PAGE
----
When things have been difficult for you and you're struggling out there, sometimes you can think nobody cares. But now I'm basically off the streets and have a foundation to build up on again — I have a home base I can come to. —Herbert Lilly, one of the new VA facility residents
SALT LAKE CITY — Ten homeless veterans moved into their new home this week with the grand opening of the Valor House on the Veterans Medical Center campus.
“When I came in, I was met with kindness, warmth, a courteous attitude and a feeling of concern,” said Herbert Lilly, one of the new residents. “I felt comfortable being here and am able to get a new start.”
Valor House, a joint venture between the Housing Authority of Salt Lake City and the VA, provides transitional housing, clinical treatment and educational opportunities to homeless veterans of all ages, and is the first joint project of its kind in the country.
From the time it opened its doors Wednesday, the state-of-the-art, LEED certified 72-unit home has already welcomed 10 veterans.
“We found out we could open our doors at 10 a.m., and by 1 p.m. we were moving our first veterans in,” said Jeanette Hurst, senior property manager of the Valor House.
Lilly, who served in the United States Marine Corps, said he has been anticipating this week ever since construction began.
“When things have been difficult for you and you’re struggling out there, sometimes you can think nobody cares,” Lilly said. “But now I’m basically off the streets and have a foundation to build up on again — I have a home base I can come to.”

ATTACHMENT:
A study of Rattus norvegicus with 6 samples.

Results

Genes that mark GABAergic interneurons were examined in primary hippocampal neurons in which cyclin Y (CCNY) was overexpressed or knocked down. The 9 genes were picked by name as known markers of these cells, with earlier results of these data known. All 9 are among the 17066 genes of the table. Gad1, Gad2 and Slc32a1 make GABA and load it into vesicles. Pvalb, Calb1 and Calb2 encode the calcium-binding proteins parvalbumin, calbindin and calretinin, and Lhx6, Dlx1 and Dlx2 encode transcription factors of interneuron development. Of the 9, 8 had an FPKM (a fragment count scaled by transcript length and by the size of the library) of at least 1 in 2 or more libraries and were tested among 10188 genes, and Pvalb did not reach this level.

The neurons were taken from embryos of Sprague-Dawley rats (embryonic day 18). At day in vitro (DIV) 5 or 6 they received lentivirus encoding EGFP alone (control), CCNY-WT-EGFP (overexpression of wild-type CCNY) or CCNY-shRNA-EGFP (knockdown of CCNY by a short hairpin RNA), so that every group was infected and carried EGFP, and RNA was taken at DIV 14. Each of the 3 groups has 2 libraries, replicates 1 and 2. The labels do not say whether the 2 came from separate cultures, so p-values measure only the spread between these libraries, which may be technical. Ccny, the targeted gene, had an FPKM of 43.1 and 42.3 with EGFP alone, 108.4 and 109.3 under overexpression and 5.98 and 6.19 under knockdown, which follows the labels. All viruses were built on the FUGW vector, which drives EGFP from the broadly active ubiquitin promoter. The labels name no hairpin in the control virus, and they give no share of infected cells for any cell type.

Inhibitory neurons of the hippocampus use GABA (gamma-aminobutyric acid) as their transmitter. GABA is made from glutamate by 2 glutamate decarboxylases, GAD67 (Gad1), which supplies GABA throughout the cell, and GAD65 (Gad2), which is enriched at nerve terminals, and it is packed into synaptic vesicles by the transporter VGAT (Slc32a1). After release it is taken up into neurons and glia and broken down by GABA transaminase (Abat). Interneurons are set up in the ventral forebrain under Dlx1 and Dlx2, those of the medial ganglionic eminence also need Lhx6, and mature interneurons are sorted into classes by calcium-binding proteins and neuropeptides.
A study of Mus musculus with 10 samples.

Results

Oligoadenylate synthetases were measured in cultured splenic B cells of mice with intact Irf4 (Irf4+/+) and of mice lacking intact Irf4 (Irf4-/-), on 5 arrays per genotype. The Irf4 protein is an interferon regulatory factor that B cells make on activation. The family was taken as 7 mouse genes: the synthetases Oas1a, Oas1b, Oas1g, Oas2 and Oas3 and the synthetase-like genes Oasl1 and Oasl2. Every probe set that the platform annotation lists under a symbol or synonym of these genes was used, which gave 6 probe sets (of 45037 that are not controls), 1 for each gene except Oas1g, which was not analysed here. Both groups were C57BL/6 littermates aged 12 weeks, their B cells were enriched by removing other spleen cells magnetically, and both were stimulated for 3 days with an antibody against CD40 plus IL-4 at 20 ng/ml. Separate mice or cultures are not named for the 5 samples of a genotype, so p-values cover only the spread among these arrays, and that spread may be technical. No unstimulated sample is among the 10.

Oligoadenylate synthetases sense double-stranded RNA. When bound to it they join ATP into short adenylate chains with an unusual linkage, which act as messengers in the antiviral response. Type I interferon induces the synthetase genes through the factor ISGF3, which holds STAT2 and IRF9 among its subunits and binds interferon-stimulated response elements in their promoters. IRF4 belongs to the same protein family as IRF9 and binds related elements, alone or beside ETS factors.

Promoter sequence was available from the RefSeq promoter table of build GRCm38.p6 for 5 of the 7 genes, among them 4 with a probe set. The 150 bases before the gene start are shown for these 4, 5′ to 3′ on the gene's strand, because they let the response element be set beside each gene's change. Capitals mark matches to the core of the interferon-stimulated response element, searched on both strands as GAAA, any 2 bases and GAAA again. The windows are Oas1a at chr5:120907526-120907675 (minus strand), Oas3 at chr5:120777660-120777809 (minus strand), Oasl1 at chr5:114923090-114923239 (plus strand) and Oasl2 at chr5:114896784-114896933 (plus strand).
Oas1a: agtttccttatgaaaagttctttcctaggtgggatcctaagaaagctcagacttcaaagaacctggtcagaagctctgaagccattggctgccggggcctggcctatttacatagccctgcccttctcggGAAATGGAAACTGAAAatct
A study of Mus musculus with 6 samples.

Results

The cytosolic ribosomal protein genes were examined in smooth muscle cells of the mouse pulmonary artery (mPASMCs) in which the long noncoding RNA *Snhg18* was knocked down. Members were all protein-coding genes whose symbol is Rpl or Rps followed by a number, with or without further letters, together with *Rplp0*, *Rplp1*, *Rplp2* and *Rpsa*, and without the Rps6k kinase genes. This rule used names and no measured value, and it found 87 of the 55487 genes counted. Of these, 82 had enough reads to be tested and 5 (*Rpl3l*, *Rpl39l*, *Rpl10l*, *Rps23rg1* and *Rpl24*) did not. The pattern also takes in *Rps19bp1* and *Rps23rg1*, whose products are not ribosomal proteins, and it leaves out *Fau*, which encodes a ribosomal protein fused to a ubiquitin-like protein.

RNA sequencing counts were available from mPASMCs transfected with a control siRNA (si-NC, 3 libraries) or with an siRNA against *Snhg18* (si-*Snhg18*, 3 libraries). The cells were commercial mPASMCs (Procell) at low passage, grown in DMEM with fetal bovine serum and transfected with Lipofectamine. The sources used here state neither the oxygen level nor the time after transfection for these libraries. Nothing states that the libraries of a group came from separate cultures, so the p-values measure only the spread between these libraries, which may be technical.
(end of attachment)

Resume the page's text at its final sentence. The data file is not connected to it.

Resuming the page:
“If all you’re trying to do is survive, if that’s all you’re focused on, it’s hard to think about anything else,” said Diana Robinson, director of homeless programs at the Housing Authority of Salt Lake City. “Getting them in a place of comfort, safety and warmth is our goal.”
The facility provides a fully furnished private bedroom, bathroom, refrigerator and pantry to each veteran, with a community kitchen and living space on each wing. Additionally, the facility has a library, industrial kitchen, Wii room, community room and patio.
Each resident is required to pay 30 percent of their monthly income to cover rent, although no eligible veteran will be turned away if they are unemployed.
“A lot of the facilities for the homeless are in rundown areas,” Robinson said. “Coming in here and seeing this facility is such an eye opening experience.”
The building cost $5.4 million to build, through a combination of local, state, and federal funds, private donations and grants. Additionally, The Church of Jesus Christ of Latter-day Saints donated all of the furniture.
Tim Carr, the clinical coordinator and lead clinician at Valor House, emphasized that the facility is more than just a place to live.
“We’re addressing mental health issues, substance abuse issues, and increasing skill level and income,” Carr said.
The facility has four licensed clinicians on staff providing individual therapy and group programming, but also helps the residents re-enroll in college, find jobs, and learn about nutrition and financial literacy.
Darrell Stage, an Army veteran and computer support specialist, said that after successfully completing the intense First Step House rehabilitation program for alcoholism, he was looking for a place to settle down for a while.
On Wednesday, Valor House called him to tell to come pick up his keys.
“I got a voice mail saying, ‘Hey, come on up! We’re ready for you,’” Stage said. “It’s wonderful, absolutely wonderful.”
Stage, who is currently enrolled in Salt Lake Community College to get his A+ certification in computer support, said he feels like the Valor House is a “reboot.”Comment on this story
“It’s first class,” Stage said. “It’s a home (that gives me) the opportunity to go to school or learn a new trade, or just to sit back and take a breath.”
Valor House is seeking donations of DVDs, Wii games, and welcoming baskets, with things like toiletries, towels and slippers for its incoming residents.
Homeless veterans can visit the Road Home Shelter, haslcutah.org or call 801-764-5561, ext. 6301 for supportive services.